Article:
Proper assessment key as state replaces Common Core

– Indiana education officials are trying to balance preparing students for a new statewide test and overloading them with assessments as Indiana moves forward as the first state to drop the Common Core education standards.

State Board of Education members on Wednesday canceled a May transitional assessment to prepare students for a full-blown pilot next spring because of worries that too many tests could be overwhelming and unnecessary during the realignment to new standards.

Students already will be taking at least two tests next spring because of new education standards set to replace the national guidelines in the Common Core. Indiana became the first state to drop those standards this March.

Only ISTEP, which currently is in place, will be used to gauge progress and evaluate teachers in spring 2015. Students and teachers will have next school year to prepare and adjust to the pilot test for the new standards.

The Department of Education planned to use the CoreLink test to expose students to what could lie ahead in the full-blown pilot assessment, but the plan prompted criticism from some board members who say the test is one too many for students.

The board eventually pushed off a decision on whether to delay the test until September and instead voted to postpone it indefinitely.

Member Brad Oliver said upcoming discussions during the standards revision process on how many assessments students should take will help set precedent for the culture of testing in the state.

“We’re seeing a culture of a lot of schools centered on testing and focusing on compliance rather than learning,” he said. “We’ve really got to get the culture back on learning, ability and skills.”

But some parents and superintendents say more frequent testing could help teachers and ensure students do their best on assessments.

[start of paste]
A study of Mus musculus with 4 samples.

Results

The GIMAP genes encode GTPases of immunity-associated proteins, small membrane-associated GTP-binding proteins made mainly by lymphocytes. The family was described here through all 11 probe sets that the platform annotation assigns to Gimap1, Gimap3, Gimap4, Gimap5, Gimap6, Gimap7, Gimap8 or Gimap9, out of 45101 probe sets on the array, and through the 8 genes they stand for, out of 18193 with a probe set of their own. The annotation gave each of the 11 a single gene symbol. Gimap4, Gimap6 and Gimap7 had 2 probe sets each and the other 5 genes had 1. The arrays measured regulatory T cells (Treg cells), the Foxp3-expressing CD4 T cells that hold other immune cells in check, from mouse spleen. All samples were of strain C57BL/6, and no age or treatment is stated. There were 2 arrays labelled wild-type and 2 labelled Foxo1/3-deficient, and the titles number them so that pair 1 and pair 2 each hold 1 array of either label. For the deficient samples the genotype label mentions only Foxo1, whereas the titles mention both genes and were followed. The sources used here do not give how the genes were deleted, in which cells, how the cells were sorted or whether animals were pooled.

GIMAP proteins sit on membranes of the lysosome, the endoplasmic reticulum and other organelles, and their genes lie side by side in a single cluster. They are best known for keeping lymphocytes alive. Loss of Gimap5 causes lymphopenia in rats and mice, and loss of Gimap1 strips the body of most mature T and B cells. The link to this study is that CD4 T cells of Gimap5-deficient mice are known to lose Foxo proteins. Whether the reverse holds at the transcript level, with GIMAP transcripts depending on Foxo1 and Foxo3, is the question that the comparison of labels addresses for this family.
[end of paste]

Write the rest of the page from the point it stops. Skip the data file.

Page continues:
Indiana State Teachers Association Vice President Keith Gambill said many educators are against too much testing, but that the answer could be shorter tests gauging progress throughout the year and not simply fewer tests.

“That provides teachers and schools with diagnostics as they progress through the year as to where students’ weaknesses are if any are falling behind,” he said.

Lafayette School Corporation Assistant Superintendent John Layton said area schools have their own tests they give throughout the year to break up assessment of state standards and give teachers a better idea of what students need help with as the school year progresses.

Parent Jenny Mosier, of Fishers, said she wants more of students’ time to be spent learning and not filling in bubbles, but she also backs giving more tests throughout the year that don’t tie qualification for remedial classes, for example, with one final exam.

She said if a student is having a bad day during the assessment, their test results might not accurately show what they’ve learned.

“They’re basing this follow-up on one test at this one time,” Mosier said. “That’s a not clear picture.”